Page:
For the first time, the Davenport-based Pacem in Terris Peace and Freedom Award will be presented to a recipient overseas, in France.
Jean Vanier, founder of L’Arche, will receive the honor. L'Arche is an international federation of communities in which people with and without intellectual disabilities share life together. He is among award recipients who include Martin Luther King Jr., Mother Theresa, Desmond Tutu, Lech Walesa and Cesar Chavez.
Bishop Martin Amos will present the award to Vanier on July 7. Amos will travel to the village where Vanier founded L’Arche in 1964.
A local celebration, open to the public, will be at 2 p.m. Aug. 25 in the Rogalski Center at St. Ambrose University in Davenport to honor Vanier and L’Arche.
There is a community in Clinton named The Arch, and the Davenport celebration will include Amos as well as local and national members of the organization.
The Pacem in Terris Award honors Pope John XXIII and commemorates his 1963 encyclical letter Pacem in Terris (Peace on Earth).
"As (the late) Bishop Gerald O’Keefe said, 'We don’t honor them, they honor us,'" said Monsignor Marvin Mottet, a founder and recipient of the award established in 1964 by the Davenport Catholic Interracial Council.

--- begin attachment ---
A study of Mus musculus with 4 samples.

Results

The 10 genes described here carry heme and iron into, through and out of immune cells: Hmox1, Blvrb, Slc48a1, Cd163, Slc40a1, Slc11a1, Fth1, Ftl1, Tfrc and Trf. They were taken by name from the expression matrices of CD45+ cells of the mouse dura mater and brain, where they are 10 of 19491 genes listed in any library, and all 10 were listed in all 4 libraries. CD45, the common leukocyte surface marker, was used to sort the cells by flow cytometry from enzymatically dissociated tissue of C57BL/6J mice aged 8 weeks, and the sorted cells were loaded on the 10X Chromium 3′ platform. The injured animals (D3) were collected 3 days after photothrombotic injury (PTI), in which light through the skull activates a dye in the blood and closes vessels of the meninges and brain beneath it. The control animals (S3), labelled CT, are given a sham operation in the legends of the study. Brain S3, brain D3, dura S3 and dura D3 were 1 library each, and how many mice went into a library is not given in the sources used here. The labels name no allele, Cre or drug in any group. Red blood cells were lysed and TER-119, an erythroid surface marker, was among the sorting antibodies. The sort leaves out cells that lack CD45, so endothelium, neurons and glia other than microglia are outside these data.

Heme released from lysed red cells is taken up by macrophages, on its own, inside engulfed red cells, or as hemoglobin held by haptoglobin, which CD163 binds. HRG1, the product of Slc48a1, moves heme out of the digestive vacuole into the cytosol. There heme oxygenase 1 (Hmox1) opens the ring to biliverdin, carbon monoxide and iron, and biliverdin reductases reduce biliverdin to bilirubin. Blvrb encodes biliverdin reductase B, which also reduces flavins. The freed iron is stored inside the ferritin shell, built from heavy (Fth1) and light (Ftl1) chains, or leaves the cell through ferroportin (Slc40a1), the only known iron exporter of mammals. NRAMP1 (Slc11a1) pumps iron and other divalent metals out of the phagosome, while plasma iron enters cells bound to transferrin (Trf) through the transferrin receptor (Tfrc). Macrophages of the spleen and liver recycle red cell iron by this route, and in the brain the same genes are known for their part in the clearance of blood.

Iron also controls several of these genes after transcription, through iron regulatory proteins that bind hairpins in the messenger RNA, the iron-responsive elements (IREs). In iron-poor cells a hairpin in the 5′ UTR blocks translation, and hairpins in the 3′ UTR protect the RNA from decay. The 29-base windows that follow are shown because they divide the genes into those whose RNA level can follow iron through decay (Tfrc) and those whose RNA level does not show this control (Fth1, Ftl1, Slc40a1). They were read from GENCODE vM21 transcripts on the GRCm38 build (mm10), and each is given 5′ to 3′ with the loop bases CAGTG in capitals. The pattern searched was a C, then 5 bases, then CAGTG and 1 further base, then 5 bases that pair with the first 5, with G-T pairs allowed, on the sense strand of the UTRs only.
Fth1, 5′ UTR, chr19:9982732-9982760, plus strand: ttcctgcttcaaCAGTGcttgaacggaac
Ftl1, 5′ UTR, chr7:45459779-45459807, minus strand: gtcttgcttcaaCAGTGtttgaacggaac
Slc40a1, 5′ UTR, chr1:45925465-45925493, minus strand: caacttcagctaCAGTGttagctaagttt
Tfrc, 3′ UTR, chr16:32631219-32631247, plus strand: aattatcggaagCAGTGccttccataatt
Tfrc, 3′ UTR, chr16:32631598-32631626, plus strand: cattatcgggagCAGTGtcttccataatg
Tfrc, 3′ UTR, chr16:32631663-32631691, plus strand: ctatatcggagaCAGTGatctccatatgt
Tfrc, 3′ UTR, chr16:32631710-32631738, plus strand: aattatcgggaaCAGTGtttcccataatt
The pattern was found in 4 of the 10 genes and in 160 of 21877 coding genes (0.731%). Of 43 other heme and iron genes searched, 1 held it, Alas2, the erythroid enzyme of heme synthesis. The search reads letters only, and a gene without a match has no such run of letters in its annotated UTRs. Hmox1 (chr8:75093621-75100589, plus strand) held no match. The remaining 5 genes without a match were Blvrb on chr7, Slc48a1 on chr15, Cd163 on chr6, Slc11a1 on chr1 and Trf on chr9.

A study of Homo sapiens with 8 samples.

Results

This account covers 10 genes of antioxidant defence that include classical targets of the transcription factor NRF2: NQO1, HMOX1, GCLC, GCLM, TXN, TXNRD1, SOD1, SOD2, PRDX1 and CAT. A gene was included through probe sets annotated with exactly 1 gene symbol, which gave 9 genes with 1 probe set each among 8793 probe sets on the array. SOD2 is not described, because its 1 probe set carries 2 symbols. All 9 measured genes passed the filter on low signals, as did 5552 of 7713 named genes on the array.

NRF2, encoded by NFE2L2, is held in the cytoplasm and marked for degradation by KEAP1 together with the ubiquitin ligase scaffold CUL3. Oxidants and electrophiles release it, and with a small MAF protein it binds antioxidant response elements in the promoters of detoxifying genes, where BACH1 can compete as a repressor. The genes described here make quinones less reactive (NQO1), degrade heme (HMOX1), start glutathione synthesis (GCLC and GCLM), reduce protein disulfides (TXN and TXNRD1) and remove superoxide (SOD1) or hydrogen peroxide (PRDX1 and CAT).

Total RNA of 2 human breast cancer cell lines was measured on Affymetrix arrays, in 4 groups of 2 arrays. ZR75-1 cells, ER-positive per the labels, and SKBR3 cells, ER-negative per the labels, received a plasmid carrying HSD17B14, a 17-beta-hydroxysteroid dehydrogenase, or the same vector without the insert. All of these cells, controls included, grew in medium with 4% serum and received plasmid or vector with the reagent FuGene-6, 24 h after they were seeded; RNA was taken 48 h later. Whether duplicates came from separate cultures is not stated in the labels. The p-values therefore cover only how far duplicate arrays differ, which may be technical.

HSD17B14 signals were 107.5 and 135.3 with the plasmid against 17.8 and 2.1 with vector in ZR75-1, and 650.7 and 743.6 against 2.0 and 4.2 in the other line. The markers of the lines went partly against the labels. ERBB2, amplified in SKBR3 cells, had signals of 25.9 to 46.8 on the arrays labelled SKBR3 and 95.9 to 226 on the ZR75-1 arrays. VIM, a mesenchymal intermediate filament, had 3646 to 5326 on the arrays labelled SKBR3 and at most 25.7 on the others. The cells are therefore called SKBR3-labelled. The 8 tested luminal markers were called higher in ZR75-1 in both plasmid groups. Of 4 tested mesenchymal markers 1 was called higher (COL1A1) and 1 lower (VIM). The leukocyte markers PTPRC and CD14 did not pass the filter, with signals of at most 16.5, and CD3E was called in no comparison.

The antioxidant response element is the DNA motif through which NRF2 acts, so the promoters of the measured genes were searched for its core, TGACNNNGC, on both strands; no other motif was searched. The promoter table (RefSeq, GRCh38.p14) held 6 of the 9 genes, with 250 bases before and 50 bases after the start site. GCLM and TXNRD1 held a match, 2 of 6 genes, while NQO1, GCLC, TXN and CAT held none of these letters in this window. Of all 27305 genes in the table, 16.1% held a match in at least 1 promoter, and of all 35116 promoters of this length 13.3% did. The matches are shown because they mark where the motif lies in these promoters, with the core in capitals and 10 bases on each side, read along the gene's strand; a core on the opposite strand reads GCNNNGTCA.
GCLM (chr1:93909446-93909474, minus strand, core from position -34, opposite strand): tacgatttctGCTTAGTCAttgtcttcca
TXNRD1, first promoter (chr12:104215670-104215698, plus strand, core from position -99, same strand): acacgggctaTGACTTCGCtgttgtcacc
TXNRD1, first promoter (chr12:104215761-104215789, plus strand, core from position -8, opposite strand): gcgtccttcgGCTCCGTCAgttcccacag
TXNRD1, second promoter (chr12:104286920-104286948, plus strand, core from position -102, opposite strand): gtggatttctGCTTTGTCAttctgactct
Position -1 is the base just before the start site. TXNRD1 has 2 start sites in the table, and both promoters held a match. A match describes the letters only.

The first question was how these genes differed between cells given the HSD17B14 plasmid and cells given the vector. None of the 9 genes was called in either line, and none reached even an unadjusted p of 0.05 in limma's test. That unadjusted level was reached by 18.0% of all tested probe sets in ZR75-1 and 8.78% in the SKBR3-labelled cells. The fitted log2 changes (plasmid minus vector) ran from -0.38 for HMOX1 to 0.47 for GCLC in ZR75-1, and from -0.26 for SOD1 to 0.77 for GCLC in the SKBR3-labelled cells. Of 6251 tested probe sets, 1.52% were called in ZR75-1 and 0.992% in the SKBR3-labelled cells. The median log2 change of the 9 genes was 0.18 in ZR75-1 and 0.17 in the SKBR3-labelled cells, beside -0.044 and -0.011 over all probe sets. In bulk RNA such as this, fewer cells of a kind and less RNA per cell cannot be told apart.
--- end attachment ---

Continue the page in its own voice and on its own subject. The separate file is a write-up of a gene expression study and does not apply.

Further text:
“Giving Jean Vanier the peace award draws attention to our efforts in L’Arche to live in peace,” said Sister Maria Zeimen, interim community leader of The Arch and a member of the Order of St. Francis.
Vanier, who no longer travels overseas, thinks it is important that a ceremony be held in the United States where L’Arche feels honored by the award.
“We in L’Arche in the United States are so grateful to hear that Jean Vanier has been named for this honor,” said Joan Mahler, who leads L’Arche USA.
“Jean has devoted his life to peace-making. In his many books and talks — and more importantly, in how he lives his life each day — Jean teaches us that our frailties and weaknesses can be pathways to peace when acknowledged and shared with loving compassion.”
Vanier, from Canada, gave up a promising career as a naval officer, considered the priesthood and then a career as a university professor before he found his true vocation at L’Arche.
He is described as a gifted retreat leader and speaker, and he inspired countless individuals worldwide to embrace L’Arche and to bring it to fruition in 40 different countries.
Now 84, he still lectures almost daily in and continues to lead retreats and train young assistants, according to Dan Ebener, diocesan director of Stewardship and Planning who visited with Vanier in Trosly-Breuil earlier this month.
“Pacem in Terris Award recipients always seem to have relevancy for the year they are honored,” said Diocesan Social Action Director Kent Ferris. “Maybe during this Year of Faith, this is our reminder to love gently.”